Coffee is so ubiquitous that it has become meme-worthy. Plenty of people simply can’t function without their morning coffee and, in places like Melbourne, coffee culture has evolved into a lifestyle for some.
But the reality is that like most good things in life, coffee should be enjoyed in moderation. Caffeine is a stimulant with addictive properties that can have negative effects for those who overindulge.
Excess caffeine can affect the central nervous system, cause restlessness, anxiety, digestive problems, heart arrhythmia, headaches, dehydration and trouble sleeping in sensitive people.
And you don’t have to be a heavy coffee drinker to experience these side effects. Some people are particularly sensitive to caffeine, and so only a little bit can bring about these effects.
Are you worried about your caffeine intake, but not ready to give up the coffee? Then maybe it’s time to consider decaf. And, yes, we get it. For some people “decaf” is a dirty word. But evolution in the production methods has made decaf a much more appealing alternative to coffee lovers all over the world.
What is decaf?
So, let’s start simple: Decaf is short for decaffeinated coffee. Decaffeinated coffee beans have had at least 97% of their caffeine removed. This means that decaf is not 100% caffeine free, but instead contains only a fraction of caffeine compared to untreated coffee.
There are a number of ways that coffee beans can be decaffeinated, the most common being organic solvents, carbon dioxide or plain water.
Using organic solvents is the most common method. The coffee beans are soaked in a solvent solution that extracts the caffeine from the beans. While this method is common, it can leave a chemical residue and aftertaste and is largely responsible for the decaf’s poor reputation when it comes to taste.
Beans can also be decaffeinated using CO2. Beans that have been soaked in water are put in a stainless-steel extractor and liquid CO2 is blasted in at high pressures. The CO2 binds with the caffeine molecules, drawing them out of the unroasted bean. This method, however, is quite expensive and rarely used.
The Swiss Water method uses activated carbon to draw the caffeine from the beans. This method has become increasingly popular because it doesn’t require chemicals and therefore has less effect on the flavour of the beans.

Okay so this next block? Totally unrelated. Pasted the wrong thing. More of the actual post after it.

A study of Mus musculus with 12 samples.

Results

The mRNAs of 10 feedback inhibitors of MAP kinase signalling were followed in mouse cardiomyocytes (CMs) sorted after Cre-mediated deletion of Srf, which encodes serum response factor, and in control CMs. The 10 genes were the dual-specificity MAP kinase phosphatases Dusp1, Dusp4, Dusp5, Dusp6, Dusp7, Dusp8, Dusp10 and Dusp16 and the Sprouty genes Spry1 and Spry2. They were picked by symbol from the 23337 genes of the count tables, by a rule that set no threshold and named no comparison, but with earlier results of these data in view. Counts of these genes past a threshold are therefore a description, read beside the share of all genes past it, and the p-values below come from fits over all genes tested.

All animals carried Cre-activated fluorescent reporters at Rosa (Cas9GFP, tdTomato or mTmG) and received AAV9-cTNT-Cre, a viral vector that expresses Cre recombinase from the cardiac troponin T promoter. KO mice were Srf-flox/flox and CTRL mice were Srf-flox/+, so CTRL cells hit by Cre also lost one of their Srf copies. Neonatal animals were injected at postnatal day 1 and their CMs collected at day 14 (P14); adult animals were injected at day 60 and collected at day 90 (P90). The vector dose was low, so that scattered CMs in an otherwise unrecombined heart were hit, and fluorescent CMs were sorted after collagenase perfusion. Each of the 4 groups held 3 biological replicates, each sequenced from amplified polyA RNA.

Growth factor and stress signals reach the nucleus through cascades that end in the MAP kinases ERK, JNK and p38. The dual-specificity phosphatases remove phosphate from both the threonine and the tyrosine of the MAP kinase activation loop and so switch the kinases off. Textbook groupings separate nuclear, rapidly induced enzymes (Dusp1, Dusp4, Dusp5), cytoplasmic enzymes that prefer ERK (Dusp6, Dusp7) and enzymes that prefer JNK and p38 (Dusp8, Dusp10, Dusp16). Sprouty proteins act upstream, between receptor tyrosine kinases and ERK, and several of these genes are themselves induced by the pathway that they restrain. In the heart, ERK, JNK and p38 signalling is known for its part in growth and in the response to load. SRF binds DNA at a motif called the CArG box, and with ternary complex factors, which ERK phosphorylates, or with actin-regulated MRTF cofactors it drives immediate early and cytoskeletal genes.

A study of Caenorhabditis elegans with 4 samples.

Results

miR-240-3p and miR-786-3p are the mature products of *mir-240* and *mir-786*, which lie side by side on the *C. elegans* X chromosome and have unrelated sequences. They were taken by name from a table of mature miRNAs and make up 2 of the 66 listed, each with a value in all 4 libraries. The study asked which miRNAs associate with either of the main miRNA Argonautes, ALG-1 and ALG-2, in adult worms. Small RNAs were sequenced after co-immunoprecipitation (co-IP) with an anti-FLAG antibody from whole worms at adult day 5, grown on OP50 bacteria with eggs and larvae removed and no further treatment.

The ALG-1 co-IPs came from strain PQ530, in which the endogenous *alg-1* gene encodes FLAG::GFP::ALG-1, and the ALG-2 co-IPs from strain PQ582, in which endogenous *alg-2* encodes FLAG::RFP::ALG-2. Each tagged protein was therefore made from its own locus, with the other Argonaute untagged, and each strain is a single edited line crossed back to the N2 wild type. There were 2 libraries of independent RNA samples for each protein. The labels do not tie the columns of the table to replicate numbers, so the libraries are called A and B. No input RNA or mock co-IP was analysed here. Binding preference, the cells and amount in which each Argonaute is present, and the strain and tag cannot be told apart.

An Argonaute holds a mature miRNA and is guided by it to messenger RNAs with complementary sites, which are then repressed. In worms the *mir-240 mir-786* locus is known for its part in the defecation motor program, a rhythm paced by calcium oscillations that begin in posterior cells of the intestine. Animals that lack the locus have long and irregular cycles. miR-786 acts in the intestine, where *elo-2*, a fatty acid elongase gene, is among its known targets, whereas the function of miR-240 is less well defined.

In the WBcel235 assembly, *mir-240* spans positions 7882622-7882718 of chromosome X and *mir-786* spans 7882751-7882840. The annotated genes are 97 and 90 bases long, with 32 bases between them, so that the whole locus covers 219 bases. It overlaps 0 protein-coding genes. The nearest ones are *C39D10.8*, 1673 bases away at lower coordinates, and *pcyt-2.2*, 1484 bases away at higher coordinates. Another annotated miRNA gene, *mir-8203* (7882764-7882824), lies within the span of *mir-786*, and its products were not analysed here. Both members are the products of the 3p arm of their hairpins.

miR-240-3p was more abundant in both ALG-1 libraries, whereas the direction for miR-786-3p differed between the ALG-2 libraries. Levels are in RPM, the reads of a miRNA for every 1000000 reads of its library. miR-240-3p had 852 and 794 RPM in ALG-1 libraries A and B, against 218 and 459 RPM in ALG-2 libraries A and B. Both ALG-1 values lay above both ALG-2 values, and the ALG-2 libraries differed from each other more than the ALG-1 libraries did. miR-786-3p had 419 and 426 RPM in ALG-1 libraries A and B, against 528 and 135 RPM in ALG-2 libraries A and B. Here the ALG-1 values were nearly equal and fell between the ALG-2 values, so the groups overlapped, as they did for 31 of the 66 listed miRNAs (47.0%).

No caffeine, but all the other benefits
So the end result of this decaffeination process is coffee beans that have almost no caffeine (usually between 5% and 1% compared to regular beans). However, decaffeinated beans retain all the other health benefits that coffee offers.
While coffee does get a bit of a bad rap healthwise, it’s actually very good for you. Coffee is one of the highest sources of antioxidants in the western diet.
Coffee is also believed to be associated with a range of other health benefits including reducing the risk of type 2 diabetes, aiding liver function, and helping to prevent age-related cognitive decline.
Decaf still offers all these benefits without the negative effects associated with caffeine.
Caffeine is the compound responsible for the stimulant effects of coffee. And for people who are sensitive to caffeine, it can seriously disrupt their sleep patterns. Caffeine can make it difficult to fall asleep and stay asleep. It can affect your body clock and reduce the amount of deep sleep you get.
Removing caffeine from your diet can help to stabilize your sleep patterns, making it easier to get to sleep and stay asleep.
Caffeine has been associated with inducing and exacerbating anxiety, with people with panic disorders and social anxiety disorders being especially sensitive. For those people without pre-existing anxiety issues, caffeine can actually mimic the common symptoms of anxiety including:
- Trouble sleeping
- Trouble focusing
- Fast heart rate
- Gastrointestinal problems
It’s also worth noting that rapidly cutting back or eliminating caffeine from your diet can lead to withdrawal symptoms, which can also produce anxiety.
By gradually reducing your caffeine intake, it can become easier to manage symptoms of anxiety.
Reduction in heartburn and acid reflux
Coffee is one of the worst things to drink when it comes to acid reflux and heartburn. Caffeinated beverages can increase the acidity of gastric secretions and may relax the lower esophageal sphincter, triggering acid reflux or making it worse.
Decaf coffee has been shown to cause significantly less acid reflux than regular coffee. So if you’re sensitive to heartburn or acid reflux, switching to decaf could help.
The old days of chemical flavoured decaf coffee are well and truly behind us. With premium quality water-decaffeinated coffee beans, you can enjoy decaf coffee with the rich full coffee flavours and none of the harmful caffeine.